AHA-Response Disc 5


Option 2 

S.P. is a 75-year-old woman who presents to the provider’s office with fatigue. 

Subjective Data 

PMH: HTN, hyperlipidemia, MI 3 years ago 

Fatigue started about a month ago, getting worse 

Relieved with rest, exacerbated with activity 

Denies chest pain 

Ankles swollen 

Objective Data 

Vital signs: T 37 P 112 R 18 BP 110/54 

Lungs: bilateral lower lobe crackles 

O2 Sat = 94% 

Skin = cool to touch 

CV = heart rate regular, positive peripheral pulses, ECG = no changes 

+2 edema bilateral ankles 

Medications: Metoprolol 20 mg per day, 325 mg of aspirin per day 


  1. What other questions should the nurse ask about her fatigue? 
  • Is your fatigue associated with any shortness of breath (SOB)? 
  • How has it affected your activities of daily living (ADL’S)? 
  • How has your fatigue affected your appetite? 
  • How has your fatigue affected your sleep? 

 2) What other assessments are necessary for this patient? 

  • Additional questions that the nurse should ask S.P. include, 

Have you experienced any orthopnea? (SOB while lying flat and relieved when sitting up) 

Have you experienced any palpitations with or without lightheadedness? 

  • Chest x-ray- to assess for pulmonary edema/vascular congestion 
  • Labs- Troponin, CBC, CMP, BNP, Liver function test, blood urea nitrogen. 
  • Echocardiogram- to determine ventricular function and hemodynamics. 

 3) What are some causes of fatigue? 

  • Congestive Heart failure (CHF) 
  • Hypoglycemia 
  • Respiratory virus 
  • Lack of sleep 
  • Poor oral intake of required nutrients 

4) Develop a problem list from the objective and subjective data. 

S.P. is presenting with symptoms that are consistent with CHF. Symptoms of heart failure include those related to excess fluid accumulation and reduced cardiac function. 

S.P. presents with +2 edema bilateral ankles, fatigue relieved with rest and exacerbated with activity, bilateral lower lobe crackles, and increased heart rate (HR 112). 

Other symptoms of HF may include dyspnea, orthopnea, pain from hepatic congestion, abdominal distention from ascites. 

5) What should be included in the plan of care? 

  • Getting orders to diuretics if applicable 
  • Relieving signs and symptoms of fluid overload 
  • Teaching patient about dietary restrictions 
  • Relieving signs and symptoms of fatigue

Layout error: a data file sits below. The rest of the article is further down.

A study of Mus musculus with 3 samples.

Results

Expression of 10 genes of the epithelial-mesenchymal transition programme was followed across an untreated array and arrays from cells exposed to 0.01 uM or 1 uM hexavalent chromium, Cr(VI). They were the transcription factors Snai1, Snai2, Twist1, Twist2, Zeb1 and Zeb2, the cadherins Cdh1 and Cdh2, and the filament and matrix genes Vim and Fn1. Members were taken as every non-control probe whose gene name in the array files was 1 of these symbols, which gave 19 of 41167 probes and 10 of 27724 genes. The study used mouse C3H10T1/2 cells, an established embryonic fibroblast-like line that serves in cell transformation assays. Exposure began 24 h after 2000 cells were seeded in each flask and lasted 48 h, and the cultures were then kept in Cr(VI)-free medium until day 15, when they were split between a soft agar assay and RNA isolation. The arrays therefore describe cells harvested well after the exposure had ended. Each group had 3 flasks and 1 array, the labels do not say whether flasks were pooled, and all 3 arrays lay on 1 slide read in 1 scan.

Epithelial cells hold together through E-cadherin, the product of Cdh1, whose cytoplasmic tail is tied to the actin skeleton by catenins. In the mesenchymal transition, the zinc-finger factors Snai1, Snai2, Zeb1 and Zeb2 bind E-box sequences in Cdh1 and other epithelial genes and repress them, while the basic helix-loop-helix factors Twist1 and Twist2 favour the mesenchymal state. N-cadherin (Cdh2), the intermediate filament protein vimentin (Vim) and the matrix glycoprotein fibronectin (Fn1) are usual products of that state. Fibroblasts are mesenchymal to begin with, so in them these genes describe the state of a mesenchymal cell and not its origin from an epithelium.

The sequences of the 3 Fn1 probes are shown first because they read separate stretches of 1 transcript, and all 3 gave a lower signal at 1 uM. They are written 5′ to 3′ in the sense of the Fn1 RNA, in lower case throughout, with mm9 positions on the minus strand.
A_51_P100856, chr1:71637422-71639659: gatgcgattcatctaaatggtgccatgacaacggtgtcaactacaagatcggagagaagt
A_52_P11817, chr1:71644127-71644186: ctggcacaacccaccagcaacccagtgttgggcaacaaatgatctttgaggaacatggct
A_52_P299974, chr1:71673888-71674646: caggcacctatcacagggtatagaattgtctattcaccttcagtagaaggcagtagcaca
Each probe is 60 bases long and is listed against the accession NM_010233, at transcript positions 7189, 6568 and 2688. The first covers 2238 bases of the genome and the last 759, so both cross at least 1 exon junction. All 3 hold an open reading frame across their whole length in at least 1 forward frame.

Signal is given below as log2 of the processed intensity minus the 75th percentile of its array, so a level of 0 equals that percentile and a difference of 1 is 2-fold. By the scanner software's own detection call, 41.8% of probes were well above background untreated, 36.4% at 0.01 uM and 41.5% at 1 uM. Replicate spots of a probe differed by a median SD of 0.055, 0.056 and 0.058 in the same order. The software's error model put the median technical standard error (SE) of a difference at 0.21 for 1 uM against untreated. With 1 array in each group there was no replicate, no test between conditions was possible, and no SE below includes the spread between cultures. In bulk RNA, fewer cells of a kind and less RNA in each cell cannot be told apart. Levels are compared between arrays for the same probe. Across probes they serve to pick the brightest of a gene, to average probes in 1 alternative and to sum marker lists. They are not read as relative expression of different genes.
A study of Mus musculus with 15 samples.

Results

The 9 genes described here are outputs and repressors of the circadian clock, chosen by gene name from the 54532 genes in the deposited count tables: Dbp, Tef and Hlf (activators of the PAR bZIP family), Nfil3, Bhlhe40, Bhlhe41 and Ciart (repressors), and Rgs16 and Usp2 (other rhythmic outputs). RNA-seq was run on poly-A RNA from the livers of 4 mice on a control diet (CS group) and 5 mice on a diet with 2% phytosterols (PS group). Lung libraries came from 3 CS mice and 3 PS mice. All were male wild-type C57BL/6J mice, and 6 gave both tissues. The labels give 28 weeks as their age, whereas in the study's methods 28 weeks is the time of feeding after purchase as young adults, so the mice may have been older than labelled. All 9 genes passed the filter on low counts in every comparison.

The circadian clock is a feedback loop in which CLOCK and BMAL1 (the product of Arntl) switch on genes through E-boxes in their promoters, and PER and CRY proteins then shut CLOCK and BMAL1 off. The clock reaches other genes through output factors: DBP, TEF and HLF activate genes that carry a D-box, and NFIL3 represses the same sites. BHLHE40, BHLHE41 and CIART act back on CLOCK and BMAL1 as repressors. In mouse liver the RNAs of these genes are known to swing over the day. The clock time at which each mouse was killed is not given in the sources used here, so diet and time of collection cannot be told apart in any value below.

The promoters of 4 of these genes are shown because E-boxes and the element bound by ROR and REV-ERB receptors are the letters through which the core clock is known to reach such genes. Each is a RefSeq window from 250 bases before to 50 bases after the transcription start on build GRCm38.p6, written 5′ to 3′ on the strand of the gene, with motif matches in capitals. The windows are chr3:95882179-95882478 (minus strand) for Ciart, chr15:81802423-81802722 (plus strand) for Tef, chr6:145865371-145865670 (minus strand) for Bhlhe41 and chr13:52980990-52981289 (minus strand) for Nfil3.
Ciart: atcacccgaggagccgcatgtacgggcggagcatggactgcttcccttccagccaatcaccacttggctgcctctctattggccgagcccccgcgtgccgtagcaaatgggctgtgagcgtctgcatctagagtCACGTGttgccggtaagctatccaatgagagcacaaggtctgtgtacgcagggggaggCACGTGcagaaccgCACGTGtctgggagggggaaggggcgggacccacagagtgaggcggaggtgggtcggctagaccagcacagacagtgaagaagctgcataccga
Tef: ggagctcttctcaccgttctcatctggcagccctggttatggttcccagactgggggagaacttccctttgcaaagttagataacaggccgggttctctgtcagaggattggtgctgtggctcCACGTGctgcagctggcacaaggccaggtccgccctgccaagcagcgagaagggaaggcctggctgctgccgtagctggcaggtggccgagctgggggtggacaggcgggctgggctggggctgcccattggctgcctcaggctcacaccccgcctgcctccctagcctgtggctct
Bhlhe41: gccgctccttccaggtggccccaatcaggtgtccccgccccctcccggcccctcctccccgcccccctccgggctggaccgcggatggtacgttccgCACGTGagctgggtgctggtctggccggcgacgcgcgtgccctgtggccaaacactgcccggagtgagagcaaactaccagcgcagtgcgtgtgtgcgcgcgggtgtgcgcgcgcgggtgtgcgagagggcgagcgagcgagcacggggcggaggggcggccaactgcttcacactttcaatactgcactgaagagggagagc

• Promoting physical activity 
  • Teaching patient about what is HF and associated signs and symptoms 
  • Teaching patient about new medications that may be prescribed 
  • Teaching patient about daily weights 
  • Limiting sodium intake (salt)- When someone consumes too much salt, the body retains extra sodium which increases the amount of fluid in the body or outside the cells. 
  • Daily weights should be promoted for CHF patients. People are first alerted to signs of fluid retention when they notice a weight gain of 2-3 lb’s in a 24-hour period or a weight gain of 5 lb’s in a week.  

6) Based on the readings, what is this patient’s most likely cause of fatigue? 

Due to her signs and symptoms, S.P. is most likely experiencing CHF symptoms. 

Her symptoms began about one month ago and have become worse. Chronic presentation of HF differs with acute in that fatigue, anorexia, abdominal distention, and peripheral edema may be more pronounced than dyspnea. 

Malik, A. (2023, November 5). Congestive heart failure (NuRSing). StatPearls – NCBI Bookshelf. https://www.ncbi.nlm.nih.gov/books/NBK574497/Links to an external site. 

Treatment | NHLBI, NIH. (2022, March 24). NHLBI, NIH. https://www.nhlbi.nih.gov/health/heart-failure/treatmentLinks to an external site. 

Managing heart failure symptoms. (2023, June 13). www.heart.orgLinks to an external site.. https://www.heart.org/en/health-topics/heart-failure/warning-signs-of-heart-failure/managing-heart-failure-symptoms#:~:text=Daily%20weight.&text=This%20weight%20gain%20may%20be,if%20you%20notice%20sudden%20changesLinks to an external site.